U.S. GEOLOGICAL SURVEY
Scientific Investigations Report 2006-5047
By B.G. Justus
Region VI (USEPA), determined that historic data and observations
indicated that nine lakes were in violation of either narrative
or numeric water-quality standards for Arkansas. Using a
weight of evidence approach, USEPA determined that the narrative
nutrient (nitrogen and phosphorus, for example) standard
was violated at six lakes--five lakes located in eastern Arkansas
in the Mississippi Alluvial Plain Ecoregion and one lake
located in southeastern Arkansas in the South Central Plains
Ecoregion. USEPA also determined that chloride standards
were violated at two lakes located in the South Central Plains
Ecoregion in south-central Arkansas, and that turbidity standards
were violated at one lake located on Crowleys Ridge in
northeastern Arkansas in the Mississippi Alluvial Plain Ecoregion.
USEPA added all nine lakes to the Arkansas 2002 Clean
Water Act section 303(d) list of impaired waterbodies.
This report documents methods used and describes the results for a water-quality study at 11 lakes--the 9 lakes in eastern and southern Arkansas that had been previously placed on the 2002 Clean Water Act section 303(d) list, as well as 2 reference lakes. The study was conducted by the U.S. Geological Survey in cooperation with the USEPA. The scope of the project included lake reconnaissance, selection of the 2 reference lakes, a 48-hour dissolved-oxygen investigation, waterquality sampling in the 11 lakes between August 2004 - July 2005, and a basic interpretation of the data.
At all seven lakes selected for the 48-hour dissolved-oxygen investigation, except Bear Creek Lake, dissolved-oxygen concentrations declined below the State standard of 5 milligrams per liter at some time in the 48-hour monitoring period. Dissolved-oxygen concentrations (and, to a lesser extent, pH) demonstrate large diurnal fluctuations at five of the lakes -- First Old River, Grand, Horseshoe, Mallard, and Old Town Lakes. Dissolved-oxygen concentrations were less than 1.5 milligrams per liter at Mallard Lake and Grand Lake for short periods near daybreak. The State pH standard of "9" was exceeded at all lakes except Stave Lake (the nutrient reference lake).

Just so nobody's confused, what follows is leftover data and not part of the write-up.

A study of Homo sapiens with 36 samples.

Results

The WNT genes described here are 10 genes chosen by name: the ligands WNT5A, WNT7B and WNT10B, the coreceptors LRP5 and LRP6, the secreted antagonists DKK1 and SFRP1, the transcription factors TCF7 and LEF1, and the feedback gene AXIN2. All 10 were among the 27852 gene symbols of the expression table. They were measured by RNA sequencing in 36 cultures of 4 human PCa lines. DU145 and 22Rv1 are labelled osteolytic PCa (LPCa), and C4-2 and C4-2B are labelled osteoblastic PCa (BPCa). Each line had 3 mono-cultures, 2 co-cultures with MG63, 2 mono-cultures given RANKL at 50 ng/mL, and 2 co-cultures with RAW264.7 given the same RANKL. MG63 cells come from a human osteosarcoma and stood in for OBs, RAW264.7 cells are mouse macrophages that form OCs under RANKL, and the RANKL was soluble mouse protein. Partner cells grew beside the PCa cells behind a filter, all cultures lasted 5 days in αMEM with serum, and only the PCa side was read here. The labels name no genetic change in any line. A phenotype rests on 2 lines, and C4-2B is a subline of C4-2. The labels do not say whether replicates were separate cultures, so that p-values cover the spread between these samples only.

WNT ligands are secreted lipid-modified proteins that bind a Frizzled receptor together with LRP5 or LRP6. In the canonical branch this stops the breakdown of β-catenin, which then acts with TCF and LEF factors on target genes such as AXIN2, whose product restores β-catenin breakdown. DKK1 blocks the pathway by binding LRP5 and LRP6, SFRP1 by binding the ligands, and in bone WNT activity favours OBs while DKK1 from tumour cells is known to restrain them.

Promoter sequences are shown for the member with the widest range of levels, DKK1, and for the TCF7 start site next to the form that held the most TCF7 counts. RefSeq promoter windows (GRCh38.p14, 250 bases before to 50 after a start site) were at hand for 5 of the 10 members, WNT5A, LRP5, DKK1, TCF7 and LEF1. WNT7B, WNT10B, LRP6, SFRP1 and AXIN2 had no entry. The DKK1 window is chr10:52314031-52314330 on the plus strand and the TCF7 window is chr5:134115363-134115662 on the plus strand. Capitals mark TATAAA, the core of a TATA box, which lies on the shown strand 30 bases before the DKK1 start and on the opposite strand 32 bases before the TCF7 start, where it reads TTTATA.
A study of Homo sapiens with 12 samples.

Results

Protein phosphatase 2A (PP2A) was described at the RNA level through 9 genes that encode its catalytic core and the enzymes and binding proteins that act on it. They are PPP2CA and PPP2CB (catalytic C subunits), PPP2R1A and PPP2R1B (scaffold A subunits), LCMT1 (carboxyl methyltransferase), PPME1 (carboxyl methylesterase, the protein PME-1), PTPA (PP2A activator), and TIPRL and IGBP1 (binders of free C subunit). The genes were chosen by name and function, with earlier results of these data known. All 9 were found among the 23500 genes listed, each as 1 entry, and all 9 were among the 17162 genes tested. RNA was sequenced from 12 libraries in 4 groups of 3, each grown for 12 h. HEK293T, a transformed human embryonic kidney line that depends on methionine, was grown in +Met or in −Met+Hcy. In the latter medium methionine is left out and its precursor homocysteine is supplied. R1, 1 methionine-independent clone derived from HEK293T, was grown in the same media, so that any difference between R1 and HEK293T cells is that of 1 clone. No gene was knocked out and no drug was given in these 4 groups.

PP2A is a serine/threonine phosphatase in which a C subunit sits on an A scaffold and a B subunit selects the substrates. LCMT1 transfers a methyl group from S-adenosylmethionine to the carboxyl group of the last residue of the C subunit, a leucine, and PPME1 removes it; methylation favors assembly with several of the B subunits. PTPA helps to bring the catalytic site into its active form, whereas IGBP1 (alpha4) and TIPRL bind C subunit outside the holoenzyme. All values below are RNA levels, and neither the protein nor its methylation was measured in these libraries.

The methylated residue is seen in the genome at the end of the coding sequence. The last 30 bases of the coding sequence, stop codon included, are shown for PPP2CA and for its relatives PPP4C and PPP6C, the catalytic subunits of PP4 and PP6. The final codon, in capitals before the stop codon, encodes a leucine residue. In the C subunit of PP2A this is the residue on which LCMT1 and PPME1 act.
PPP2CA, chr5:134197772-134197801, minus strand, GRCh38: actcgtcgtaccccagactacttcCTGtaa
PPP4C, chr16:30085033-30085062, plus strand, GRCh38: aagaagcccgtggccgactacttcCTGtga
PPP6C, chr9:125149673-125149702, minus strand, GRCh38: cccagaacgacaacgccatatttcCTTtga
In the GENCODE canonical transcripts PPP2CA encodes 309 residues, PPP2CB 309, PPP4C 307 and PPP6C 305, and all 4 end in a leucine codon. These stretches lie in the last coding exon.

Highest concentrations for most nutrients and nutrient response variables were measured at Old Town Lake followed by First Old River, Grand, and Mallard Lakes. Observations made as samples were collected may provide some insight for potential sources of nutrients (aside from row crop agriculture) at three of the four lakes. Cattle usually were grazing along the banks of First Old River Lake and Grand Lake. A small community is located along the edge of Old Town Lake, and given the age of many of the structures, it is possible that septic systems are outdated and untreated waste may be entering the lake.
Aside from ammonia nitrogen concentrations at Bear Creek Lake, concentrations of both nutrients and nutrient response variables generally were lowest at Bear Creek, Horseshoe, and Upper White Oak Lakes, and were comparable to concentrations at Stave Lake--the reference lake. Of all samples, highest concentrations for ammonia nitrogen were observed at Bear Creek Lake; however, decomposition of large amounts of leaves deposited near where water-quality samples were collected probably resulted in ammonia nitrogen being cycled into the aquatic environment.
Turbidity results indicate that Lake Frierson is impaired by clay turbidity. Highest median turbidity concentrations were observed at Lake Frierson and values measured at the site were never below the Arkansas Department of Environmental Quality numeric criteria of 25 nephlometric turbidity units. Secchi depth (an indication of light penetration) also was consistently lower at Lake Frierson than at other lakes.
Concentrations of chloride, sulfate, and total dissolved solids were similar at the two lakes listed as being impaired by chlorides (Lake Calion and Lake June) and were not close to exceeding State standards of 250, 250, and 500 milligrams per liter, respectively. However, concentrations for chloride at Lake Calion and Lake June were about six to nine times higher than concentrations at Upper White Oak Lake (the chloride reference lake), and concentrations of sulfate and total dissolved solids at Lake Calion and Lake June were about two times higher than concentrations at Upper White Oak Lake.